Paint pouring is a new acrylic painting technique that has been taking over the abstract art world for several years. The look is similar to marbled paper that I wrote about yesterday. Basically, paint pouring uses acrylic paint poured onto a canvas or another substrate. This method of paint pouring is currently influencing and inspiring my new patterns and artwork, especially the dirty pour painting style. So, I wanted to share some of the inspirational artwork I’ve been looking at lately!
What is Paint Pouring?
Paint pouring is done by mixing acrylic paint with some kind of pouring medium. The pouring medium allows the acrylic paint to become more fluid, flow better, and increases the drying time. First, the artist mixes the pouring medium and acrylic paint together. Next, the artist pours this acrylic paint onto a canvas. It creates a look a bit like marbling. There are a number of techniques that can be used for creating different looks with paint pouring. Some of these techniques are dirty pours, puddle pours, swiping, and dipping paper into the excess paint from the pour painting.
Inspiring Dirty Pour Painting, Fluid Artwork, and Marbled Paper
I’ve been really inspired by the various techniques and looks of paint pouring lately. I’ve compiled a short list of current favorites that have been inspiring my new artwork.
How do you do a Dirty Pour Painting?
One of the acrylic pouring techniques that I have found very inspiring is called a “dirty pour.” The basics of this technique involve mixing multiple colors into one cup or container. Then, this “dirty” cup is poured onto the canvas. In order to prevent muddy colors, these colors are layered into the pouring cup. An acrylic pour painting that uses the “dirty pour” technique is called a dirty pour painting. Below, I’ve highlighted 5 videos on YouTube and blog articles that showcase this acrylic pouring technique that I thought were really cool.
1 – Caren Goodrich – Acrylic Pour Painting: Feather Pattern Technique On Dirty Pour
I really enjoyed this video. She combines a dirty pour with simply pouring of additional acrylic paint onto the canvas. Plus, I really loved the feather pattern technique that she explains how to do. Additionally, the feather pattern creates a really unique look to this dirty pour painting.
2 – Nicky James Burch – HUGE CELLS with Acrylic Pouring Dirty Flip Cups and Negative Space Demonstration
In this video, Nicky uses two dirty pour cups to create a negative space pour painting. One of the ways that she helps the paint move is by pouring white paint all around the dirty pour cups that she has flipped onto the canvas. The white paint also helps to create the negative space in the painting. Additionally, the white paint helps the dirty pours to flow across the canvas easier. This was a really fun video to watch, and it made me excited to try out some negative space artwork as well!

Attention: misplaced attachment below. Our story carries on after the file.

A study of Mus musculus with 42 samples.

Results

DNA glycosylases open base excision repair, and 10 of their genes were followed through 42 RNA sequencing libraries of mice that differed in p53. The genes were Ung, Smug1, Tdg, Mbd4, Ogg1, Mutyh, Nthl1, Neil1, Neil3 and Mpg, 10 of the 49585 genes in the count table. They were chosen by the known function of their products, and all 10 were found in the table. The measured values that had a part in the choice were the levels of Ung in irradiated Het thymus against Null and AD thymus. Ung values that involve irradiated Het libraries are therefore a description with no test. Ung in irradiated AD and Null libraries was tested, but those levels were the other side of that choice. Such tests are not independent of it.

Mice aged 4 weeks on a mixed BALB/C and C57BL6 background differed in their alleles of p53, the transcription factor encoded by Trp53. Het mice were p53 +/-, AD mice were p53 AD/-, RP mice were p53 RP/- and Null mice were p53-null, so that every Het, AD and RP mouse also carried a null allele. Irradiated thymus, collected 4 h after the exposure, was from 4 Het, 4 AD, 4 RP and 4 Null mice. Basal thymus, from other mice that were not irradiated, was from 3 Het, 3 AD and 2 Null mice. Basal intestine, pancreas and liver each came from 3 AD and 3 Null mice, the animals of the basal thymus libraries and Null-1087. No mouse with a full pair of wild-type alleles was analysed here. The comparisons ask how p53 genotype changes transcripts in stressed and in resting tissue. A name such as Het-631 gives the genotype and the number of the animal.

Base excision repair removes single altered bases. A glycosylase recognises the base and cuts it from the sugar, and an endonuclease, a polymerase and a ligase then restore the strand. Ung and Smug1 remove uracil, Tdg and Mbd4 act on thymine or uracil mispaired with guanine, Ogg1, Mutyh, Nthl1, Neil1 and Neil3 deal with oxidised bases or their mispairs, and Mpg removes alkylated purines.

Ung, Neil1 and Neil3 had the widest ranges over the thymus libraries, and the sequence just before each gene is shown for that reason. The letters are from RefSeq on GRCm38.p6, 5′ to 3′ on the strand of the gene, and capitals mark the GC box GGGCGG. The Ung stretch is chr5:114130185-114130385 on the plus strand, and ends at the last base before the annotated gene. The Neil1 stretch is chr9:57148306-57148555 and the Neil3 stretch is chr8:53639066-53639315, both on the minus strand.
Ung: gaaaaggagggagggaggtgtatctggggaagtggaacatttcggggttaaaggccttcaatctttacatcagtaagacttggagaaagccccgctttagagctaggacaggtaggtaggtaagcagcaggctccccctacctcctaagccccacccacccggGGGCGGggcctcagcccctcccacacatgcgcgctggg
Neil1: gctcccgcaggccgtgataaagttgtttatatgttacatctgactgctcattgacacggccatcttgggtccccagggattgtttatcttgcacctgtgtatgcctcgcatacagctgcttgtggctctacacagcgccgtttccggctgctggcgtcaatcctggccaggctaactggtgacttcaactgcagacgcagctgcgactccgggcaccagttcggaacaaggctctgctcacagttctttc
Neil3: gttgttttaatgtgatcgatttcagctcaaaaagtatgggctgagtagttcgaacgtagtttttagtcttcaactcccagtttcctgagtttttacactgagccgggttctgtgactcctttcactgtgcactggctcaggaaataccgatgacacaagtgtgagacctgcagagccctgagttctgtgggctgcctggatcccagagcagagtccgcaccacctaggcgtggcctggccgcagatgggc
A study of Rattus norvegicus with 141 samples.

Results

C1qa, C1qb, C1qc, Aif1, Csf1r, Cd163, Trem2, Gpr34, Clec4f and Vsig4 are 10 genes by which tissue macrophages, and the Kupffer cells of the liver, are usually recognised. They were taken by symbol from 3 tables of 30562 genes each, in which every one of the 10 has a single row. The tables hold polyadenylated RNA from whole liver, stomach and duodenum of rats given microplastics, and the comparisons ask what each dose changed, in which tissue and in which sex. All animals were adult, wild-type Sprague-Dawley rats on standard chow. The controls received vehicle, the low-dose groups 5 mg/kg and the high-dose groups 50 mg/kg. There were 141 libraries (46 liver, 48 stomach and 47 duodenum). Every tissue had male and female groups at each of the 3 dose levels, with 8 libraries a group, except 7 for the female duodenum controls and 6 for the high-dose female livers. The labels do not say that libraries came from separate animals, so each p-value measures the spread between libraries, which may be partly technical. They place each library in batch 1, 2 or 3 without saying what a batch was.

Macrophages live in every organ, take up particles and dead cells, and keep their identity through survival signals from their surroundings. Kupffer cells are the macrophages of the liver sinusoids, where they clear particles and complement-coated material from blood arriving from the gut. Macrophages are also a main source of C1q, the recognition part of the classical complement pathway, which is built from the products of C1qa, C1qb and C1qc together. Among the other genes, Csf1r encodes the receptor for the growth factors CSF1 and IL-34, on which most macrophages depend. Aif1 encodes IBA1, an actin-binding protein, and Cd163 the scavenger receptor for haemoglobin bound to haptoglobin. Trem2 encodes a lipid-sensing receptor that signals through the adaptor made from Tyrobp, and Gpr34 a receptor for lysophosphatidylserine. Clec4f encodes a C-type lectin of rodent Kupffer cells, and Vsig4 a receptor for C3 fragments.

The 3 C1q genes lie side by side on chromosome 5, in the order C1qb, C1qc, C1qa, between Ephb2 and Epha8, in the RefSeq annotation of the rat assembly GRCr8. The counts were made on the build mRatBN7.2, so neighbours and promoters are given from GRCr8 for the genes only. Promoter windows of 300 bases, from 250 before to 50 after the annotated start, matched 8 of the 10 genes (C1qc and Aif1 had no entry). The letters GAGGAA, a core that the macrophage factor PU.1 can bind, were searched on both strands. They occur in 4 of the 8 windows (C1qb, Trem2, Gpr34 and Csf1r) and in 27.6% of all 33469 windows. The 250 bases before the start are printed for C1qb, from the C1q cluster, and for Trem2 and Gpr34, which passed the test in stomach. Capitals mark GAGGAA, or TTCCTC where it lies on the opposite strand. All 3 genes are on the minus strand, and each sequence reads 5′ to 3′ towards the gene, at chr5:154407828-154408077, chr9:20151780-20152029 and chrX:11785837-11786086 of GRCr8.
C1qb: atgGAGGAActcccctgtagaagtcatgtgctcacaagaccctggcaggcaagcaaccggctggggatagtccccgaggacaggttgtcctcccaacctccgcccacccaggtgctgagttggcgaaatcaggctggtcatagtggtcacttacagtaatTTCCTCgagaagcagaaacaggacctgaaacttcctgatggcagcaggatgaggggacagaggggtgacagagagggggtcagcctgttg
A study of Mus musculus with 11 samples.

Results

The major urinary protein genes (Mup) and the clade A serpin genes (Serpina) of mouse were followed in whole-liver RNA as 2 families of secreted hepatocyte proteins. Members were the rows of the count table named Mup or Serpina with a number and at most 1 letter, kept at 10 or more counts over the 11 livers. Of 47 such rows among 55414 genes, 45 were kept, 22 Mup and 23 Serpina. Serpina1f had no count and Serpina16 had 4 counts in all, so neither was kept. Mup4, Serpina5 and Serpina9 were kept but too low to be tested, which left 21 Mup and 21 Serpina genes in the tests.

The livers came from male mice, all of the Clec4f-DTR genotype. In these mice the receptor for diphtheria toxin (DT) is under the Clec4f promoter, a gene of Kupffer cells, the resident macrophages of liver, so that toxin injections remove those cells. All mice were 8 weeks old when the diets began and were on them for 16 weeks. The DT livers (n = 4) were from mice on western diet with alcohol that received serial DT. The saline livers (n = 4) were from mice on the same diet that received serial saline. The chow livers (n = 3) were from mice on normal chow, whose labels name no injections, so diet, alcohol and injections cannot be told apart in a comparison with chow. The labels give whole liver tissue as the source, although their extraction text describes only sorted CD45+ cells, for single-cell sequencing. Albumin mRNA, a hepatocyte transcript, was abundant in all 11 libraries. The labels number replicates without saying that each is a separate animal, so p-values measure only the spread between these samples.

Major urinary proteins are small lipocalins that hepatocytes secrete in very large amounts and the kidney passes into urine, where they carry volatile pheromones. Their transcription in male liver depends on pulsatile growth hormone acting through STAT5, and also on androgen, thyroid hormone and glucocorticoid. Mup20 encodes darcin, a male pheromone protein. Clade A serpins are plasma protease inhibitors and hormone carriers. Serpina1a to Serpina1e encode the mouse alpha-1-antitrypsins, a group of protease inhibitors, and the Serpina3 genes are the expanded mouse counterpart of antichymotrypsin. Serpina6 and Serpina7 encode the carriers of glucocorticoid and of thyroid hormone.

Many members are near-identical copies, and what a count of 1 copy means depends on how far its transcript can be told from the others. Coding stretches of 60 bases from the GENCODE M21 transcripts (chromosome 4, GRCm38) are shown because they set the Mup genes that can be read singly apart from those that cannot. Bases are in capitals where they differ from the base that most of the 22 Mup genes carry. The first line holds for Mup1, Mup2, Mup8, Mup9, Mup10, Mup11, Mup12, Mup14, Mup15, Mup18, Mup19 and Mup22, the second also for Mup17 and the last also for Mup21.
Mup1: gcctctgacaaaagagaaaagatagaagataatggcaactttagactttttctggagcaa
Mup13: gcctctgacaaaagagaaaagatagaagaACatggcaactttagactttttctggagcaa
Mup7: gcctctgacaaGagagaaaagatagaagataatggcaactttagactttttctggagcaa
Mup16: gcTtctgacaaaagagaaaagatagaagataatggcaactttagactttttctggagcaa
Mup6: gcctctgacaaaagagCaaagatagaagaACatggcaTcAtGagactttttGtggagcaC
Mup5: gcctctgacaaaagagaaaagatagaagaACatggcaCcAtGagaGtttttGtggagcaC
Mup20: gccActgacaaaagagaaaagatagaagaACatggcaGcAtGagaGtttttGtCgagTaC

3 – DeliberatelyCreative – Dirty Pour – Flip Cup Experiment – Cheap Paint and Water WOW!
Another artist I really enjoy is DeliberatelyCreative. She is always experimenting, testing products, and ideas to see what works and what does not. Additionally, she almost always will provide her paint “recipe” or the mix of pouring medium, paint, and anything else added to the paint for her videos. These recipes are really helpful for new artists exploring the acrylic pouring art form. Other videos that I have watched often have their own tried and true paint recipe but they do not always share this information. These recipes vary greatly depending on the kind of paint (craft, student grade, or professional grade) and the kind of pouring medium used. So I really give her props for doing so many experiments with items that people can usually find at home or acquire without having to invest a ton into experimenting with acrylic pouring!
In this video, she is testing out cheap craft paint that she added water to, without any additional pouring medium. Generally, you should not add much water (if any) to acrylic paint as it can break the formula that binds the pigment/color and the other ingredients that make up acrylic paint. DeliberatelyCreative creates two 6″ x 6 ” dirty pour paintings using this method in this video. Additionally, she shows the final dry paintings at the end of the video. This is important since acrylic pouring paintings continue to morph and change throughout the drying process. Sometimes, a painting that you loved after pouring will completely change during the drying process so it’s really nice to see what her final paintings look like!
4 – AcrylicPouring.com – Using Leftover Paint to do a Dirty Pour
5 – Nicky James Burch – Fluid Art OPTICAL ILLUSIONs with a DIRTY SWIRL POUR Technique Acrylic Pouring
In this video, Nicky uses a dirty pour to create a swirl acrylic painting that has a bit of an optical illusion. She achieves this look because of the way she jiggles her hand slightly as she pours the dirty pour cup onto the canvas. Additionally, she continues to extend the swirling design by the circular motions in which she moves the canvas as she stretches the design. I loved how bright the colors are in this painting, and the swirl technique is very interesting as well! This painting technique really reminds me of geodes and sliced agates.